Here at AutoblogGreen, we like to give certain companies the benefit of the doubt; companies who aspire to go green in the automotive sector. This is a big reason why we love Tesla Motors and what they are attempting. They are taking on the establishment, and doing so with a beautiful roadster at that. Who wouldn't love to see them succeed? But, let's not overlook the monumental task that we are considering. Start-up companies have tried many times to break into the automotive sector; do I really need to name names? All right... De Lorean and Tucker come right to mind. John DeLorean was already a member of the established industry when he failed. Preston Tucker had lots of great ideas when he failed. Good ideas and good connections do not guarantee success, obviously. Now... don't worry, I'm not gonna go all TTAC on you or anything. The following views presented are not necessarily my or AutoblogGreen's opinions. We are just going to consider a few points that could make or break Tesla Motors. We will continue on with other companies with similar aspirations in due time. Here we go!
Here are the points that I will be touching on in this article: Batteries, Lotus and business models.
Read on, green car lovers, green car haters and green car conspiracy theorists, after the break.
1. Batteries. Let's get this out of the way right off the bat: Tesla is using laptop batteries. Lithium ion laptop batteries. Is this a bad thing? Let's consider it... Do you own a laptop? I do... three of them in fact (I'm an IT guy in another life). I've noticed something about the batteries in all of my laptops: They wear out. Worse: They are expensive to replace. Let's continue... I've never gotten one to explode, but they sure do get hot. Are they really what I want in my car to get me from here to there? Nope. At least not the ones in my own laptops - I don't trust them. Now, granted, Tesla has gone to great lengths to cool their batteries and provide them with sophisticated battery management controls and electronics. Doesn't that comfort you? No? My Toshiba laptop has Microsoft and Toshiba software on it that is supposed to extend the life of the battery too, and it also has internal circuitry to make sure that it is being treated right. But, Tesla has put their batteries through all sorts of tests to be sure that they work properly, and they have gone through life cycles over and over. Didn't my laptop maker do the same? Yes, they did, and so did Sony before they released and recalled their exploding batteries into, and subsequently from, the market. Tests are not the real life, and nobody has any good real-life experience with making laptop batteries work in a car. Does that mean they won't work? Of course not. Is it a real cause for concern? You betcha. They have already had to adjust their initial figures once, will they again, and will they be safe?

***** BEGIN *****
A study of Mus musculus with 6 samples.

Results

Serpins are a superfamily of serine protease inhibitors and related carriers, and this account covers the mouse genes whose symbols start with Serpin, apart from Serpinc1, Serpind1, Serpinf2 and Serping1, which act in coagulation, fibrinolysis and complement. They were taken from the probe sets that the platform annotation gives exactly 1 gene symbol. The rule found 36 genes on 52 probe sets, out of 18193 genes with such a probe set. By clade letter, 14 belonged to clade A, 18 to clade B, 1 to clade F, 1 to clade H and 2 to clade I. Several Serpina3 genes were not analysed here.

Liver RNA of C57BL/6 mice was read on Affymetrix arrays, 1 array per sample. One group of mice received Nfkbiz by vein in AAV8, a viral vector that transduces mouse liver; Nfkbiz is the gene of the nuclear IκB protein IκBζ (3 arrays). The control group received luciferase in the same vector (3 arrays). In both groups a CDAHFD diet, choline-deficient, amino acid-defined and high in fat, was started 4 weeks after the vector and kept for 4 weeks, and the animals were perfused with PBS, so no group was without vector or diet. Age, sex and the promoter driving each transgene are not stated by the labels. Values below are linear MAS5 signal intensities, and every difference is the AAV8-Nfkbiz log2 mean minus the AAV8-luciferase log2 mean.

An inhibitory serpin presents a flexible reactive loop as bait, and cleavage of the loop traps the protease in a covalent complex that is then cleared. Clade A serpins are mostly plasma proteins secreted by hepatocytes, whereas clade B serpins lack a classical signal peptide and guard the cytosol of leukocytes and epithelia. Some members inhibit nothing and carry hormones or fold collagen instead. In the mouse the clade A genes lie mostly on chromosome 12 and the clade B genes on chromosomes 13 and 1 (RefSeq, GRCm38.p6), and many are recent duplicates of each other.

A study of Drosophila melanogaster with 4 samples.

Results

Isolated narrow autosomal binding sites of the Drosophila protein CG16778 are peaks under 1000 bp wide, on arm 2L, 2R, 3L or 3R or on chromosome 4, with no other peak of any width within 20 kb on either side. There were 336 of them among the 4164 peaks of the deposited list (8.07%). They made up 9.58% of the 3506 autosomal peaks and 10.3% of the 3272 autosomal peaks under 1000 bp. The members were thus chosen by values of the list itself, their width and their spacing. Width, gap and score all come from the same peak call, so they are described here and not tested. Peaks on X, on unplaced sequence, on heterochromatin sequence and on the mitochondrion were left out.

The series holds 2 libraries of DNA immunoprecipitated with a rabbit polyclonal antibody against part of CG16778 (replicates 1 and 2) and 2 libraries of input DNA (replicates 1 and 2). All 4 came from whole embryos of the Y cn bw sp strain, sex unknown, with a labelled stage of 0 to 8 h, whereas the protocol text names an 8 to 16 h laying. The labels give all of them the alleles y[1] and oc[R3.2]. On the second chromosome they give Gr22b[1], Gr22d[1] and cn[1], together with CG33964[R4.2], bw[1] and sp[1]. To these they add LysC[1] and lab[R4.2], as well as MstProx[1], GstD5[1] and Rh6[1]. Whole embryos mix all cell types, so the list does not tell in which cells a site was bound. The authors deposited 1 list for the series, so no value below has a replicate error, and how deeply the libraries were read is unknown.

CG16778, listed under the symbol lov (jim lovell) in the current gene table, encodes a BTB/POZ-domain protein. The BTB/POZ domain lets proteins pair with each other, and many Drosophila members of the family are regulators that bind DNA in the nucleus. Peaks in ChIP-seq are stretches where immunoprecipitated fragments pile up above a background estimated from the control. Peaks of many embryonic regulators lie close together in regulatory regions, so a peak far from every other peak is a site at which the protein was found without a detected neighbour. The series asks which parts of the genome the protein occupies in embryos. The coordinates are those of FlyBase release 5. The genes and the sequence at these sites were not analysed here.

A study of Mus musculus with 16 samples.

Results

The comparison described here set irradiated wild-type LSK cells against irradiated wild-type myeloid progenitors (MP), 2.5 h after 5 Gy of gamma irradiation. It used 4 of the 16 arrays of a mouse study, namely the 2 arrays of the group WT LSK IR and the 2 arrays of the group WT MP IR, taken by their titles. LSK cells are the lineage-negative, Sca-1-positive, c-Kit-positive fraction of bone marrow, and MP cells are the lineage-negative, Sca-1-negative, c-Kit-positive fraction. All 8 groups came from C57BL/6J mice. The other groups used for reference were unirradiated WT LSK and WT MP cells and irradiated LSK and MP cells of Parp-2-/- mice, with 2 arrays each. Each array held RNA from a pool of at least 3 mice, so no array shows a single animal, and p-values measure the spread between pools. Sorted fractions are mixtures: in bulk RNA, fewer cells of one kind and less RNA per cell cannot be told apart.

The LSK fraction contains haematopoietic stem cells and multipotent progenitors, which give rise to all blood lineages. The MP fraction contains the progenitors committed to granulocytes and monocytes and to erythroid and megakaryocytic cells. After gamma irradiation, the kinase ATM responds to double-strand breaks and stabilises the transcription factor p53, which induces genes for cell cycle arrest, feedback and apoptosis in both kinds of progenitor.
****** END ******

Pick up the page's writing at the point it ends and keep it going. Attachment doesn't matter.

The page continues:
2. Lotus. Hey, I love Lotus. Their cars are awesome, I would love an Elise of my very own. But, is Lotus the best company in the world to be closely reliant upon? Perhaps not. Lotus has survived all these years despite numerous different owners. Sometimes they do very well, sometimes not so much. They certainly can engineer great things, and that is why many companies turn to them for help. How many companies can they support? Will they always be there to supply engineering assistance and very large assemblies to Tesla? I hope so, but I also believe that relying on them might prove to be a shaky prospect.
3. Business models. Do I have internal access to the Tesla board room? Not even close! But, very large sums of money have already been invested in Tesla Motors. How much more is there? How much more will be necessary before they turn a profit? Will they go public? If they do, how long of a leash will be available to them before investors want to see some return on their investments? These types of things have come back to haunt start-up companies many times in the past. Is an automotive company any different? I guess we'll see, right? While we are on the subject of money, do you recall the Ford rollover cases? How about the exploding gas tanks of the '70s and '80s? How about the numerous recalls from Toyota over the last few years? What am I getting at? Tesla has yet to put a product into a consumers hands, but when they do, they will be liable for them. Liability has brought down its fair share of companies in the past. So has some bad press. All it might take is one scandal to bring them down.
We have already discussed the fact that it takes a lot of money to start an automaker. Tesla has ambitious plans; after their Roadster, they plan on an upscale electric sedan, codenamed "Whitestar" which should sell for well less than their Roadster. After that, they plan on an even cheaper model. Where will the money come from? Roadster sales? Their possible IPO? Would that be good or bad for them?
Alright, put a fork in this post, it's done. Did you notice that I asked alot of questions? There is a reason for that. There are alot of question that need to be answered. I don't have the answers, both because I am not an expert on much that I have written about here and the fact that I have never started a company at all, let alone one that plans to market an automobile - and not just any automobile, one that is completely different than all the others on the road. None of what was written in this post means that Tesla will fail in their quest for automotive sales. Are you worried? Should you be?